Essay by Eric Worrall
Centrist Parties Poised to Oust Poland’s Nationalist Government
The election, seen as one of the most significant in decades, was cast as a choice between the defense of Polish sovereignty and liberal values.
By Andrew Higgins
Reporting from Warsaw
Oct. 15, 2023 Updated 7:10 p.m. ET
Centrist and progressive forces appeared capable of forming a new government in Poland after securing more seats in a critical general election on Sunday, despite the governing nationalist party, Law and Justice, winning the most votes for a single party.
Exit polls showing a strong second place finish by the main opposition group, Civic Coalition, and better than expected results for two smaller centrist and progressive parties suggested a dramatic upset that would frustrate the governing party’s hope of an unprecedented third consecutive term.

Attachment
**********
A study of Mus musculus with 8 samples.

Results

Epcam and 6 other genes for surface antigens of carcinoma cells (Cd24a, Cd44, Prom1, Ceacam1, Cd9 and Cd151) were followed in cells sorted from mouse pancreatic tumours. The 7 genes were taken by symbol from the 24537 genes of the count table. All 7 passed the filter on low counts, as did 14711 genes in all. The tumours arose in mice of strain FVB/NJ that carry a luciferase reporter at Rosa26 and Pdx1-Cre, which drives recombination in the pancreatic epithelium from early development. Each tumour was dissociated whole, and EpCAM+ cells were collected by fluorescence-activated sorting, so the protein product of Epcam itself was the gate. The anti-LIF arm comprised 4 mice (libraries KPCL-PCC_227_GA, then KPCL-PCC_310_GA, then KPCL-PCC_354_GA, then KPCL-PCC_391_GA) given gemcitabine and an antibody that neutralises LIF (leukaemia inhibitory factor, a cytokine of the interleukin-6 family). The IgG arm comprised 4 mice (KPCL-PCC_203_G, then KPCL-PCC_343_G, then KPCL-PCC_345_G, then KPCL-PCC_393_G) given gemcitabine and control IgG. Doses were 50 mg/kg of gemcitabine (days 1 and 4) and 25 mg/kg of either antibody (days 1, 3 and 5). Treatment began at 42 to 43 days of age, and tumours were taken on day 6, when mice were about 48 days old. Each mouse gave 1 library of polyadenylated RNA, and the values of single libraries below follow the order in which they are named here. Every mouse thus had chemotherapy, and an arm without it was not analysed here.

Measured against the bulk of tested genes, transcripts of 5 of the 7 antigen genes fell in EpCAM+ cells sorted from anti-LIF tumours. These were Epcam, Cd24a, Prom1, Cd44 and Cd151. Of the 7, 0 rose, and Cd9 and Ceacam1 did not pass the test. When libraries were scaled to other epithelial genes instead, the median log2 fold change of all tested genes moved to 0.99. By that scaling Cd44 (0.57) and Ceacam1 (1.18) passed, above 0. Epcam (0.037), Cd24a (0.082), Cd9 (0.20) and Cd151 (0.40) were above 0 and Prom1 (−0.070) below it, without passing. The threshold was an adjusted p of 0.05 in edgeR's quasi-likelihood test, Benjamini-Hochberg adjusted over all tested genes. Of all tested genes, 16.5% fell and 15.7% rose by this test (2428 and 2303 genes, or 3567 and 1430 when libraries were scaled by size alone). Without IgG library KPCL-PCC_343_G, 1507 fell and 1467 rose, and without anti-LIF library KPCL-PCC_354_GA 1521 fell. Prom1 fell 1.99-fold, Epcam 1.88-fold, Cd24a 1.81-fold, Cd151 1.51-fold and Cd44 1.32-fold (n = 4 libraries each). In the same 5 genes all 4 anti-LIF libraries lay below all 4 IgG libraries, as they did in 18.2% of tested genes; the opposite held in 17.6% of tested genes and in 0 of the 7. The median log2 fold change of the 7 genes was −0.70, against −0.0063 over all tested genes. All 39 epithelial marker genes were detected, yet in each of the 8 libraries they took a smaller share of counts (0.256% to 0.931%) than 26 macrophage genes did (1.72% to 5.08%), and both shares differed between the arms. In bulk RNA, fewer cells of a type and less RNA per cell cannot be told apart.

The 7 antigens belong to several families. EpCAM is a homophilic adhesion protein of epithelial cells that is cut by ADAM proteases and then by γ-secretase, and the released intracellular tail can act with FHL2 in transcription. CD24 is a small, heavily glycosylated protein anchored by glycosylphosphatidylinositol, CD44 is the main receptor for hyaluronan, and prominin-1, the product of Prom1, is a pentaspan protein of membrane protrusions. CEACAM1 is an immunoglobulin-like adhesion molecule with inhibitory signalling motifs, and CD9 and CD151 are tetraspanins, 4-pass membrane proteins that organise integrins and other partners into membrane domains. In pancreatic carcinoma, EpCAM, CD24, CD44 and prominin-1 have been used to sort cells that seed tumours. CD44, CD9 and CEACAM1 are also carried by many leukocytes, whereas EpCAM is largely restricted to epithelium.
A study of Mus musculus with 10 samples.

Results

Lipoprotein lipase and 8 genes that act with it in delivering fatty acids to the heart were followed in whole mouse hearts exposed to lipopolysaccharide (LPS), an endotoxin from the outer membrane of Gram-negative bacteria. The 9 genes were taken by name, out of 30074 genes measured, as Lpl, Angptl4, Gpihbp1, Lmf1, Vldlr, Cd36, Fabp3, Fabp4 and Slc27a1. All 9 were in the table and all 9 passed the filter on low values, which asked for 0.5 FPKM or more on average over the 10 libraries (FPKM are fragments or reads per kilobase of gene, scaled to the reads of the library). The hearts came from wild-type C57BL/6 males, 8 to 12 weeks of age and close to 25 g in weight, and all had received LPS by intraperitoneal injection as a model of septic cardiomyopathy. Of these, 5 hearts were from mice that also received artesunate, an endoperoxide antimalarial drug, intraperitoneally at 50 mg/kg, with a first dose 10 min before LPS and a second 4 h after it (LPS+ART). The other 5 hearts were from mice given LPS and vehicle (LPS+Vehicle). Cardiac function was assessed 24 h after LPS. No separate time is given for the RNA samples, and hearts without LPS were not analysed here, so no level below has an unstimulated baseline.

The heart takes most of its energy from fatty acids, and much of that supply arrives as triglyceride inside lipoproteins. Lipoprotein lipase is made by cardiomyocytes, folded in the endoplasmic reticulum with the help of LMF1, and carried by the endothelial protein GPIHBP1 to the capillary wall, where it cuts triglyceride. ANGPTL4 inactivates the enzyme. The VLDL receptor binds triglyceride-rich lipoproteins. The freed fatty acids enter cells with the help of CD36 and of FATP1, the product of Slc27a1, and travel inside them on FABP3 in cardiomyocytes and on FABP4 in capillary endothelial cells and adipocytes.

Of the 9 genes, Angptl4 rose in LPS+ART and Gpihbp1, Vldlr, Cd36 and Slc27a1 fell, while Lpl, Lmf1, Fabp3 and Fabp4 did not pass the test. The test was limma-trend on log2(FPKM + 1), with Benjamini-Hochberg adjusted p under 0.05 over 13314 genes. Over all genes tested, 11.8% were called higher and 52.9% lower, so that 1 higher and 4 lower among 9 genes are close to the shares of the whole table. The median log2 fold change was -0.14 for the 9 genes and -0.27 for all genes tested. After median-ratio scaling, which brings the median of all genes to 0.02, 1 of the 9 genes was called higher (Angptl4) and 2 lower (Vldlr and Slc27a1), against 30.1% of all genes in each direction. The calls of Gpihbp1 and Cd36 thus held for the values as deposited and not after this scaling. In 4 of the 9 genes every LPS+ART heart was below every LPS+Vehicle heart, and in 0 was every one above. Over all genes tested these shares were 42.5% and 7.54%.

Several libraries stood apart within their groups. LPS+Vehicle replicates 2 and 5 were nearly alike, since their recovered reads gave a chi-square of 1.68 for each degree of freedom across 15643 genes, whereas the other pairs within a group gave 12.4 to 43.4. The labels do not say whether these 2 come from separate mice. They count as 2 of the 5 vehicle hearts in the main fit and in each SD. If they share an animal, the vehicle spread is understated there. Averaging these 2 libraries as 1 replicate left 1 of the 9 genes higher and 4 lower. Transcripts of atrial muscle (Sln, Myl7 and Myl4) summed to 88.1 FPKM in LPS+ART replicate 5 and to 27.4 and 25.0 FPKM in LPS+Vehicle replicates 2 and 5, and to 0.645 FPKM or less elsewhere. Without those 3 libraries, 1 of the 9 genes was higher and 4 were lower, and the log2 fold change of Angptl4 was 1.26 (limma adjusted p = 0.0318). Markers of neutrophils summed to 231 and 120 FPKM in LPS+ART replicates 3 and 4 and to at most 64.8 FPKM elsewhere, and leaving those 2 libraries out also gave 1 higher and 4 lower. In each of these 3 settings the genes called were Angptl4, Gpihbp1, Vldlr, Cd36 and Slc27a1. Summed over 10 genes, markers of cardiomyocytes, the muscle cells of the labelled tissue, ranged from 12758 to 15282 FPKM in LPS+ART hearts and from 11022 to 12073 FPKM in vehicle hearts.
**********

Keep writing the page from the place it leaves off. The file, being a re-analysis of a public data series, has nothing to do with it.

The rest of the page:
Piotr Buras, the head of the Warsaw office of the European Council on Foreign Relations, declared the election “a triumph of both democracy and liberalism” that “opens the way for a massive reorientation of Poland’s domestic and European policy.”
Poland’s Law and Justice party has been a major thorn in the side of European environmental zealotry, amongst other things they have consistently used their influence inside the EU to defend Poland’s sizeable coal generation and heavy industrial manufacturing heartland.
Poland’s Law and Justice Party also notably stopped supplying weapons to Ukraine in September, after Ukraine undermined the livelihoods of Polish farmers, by dumping subsidised grain on the European market.
While it is possible Law and Justice may cling on – their defeat is not quite a done deal – most pundits seem to be calling that Law and Justice opponents have the numbers to form a new government.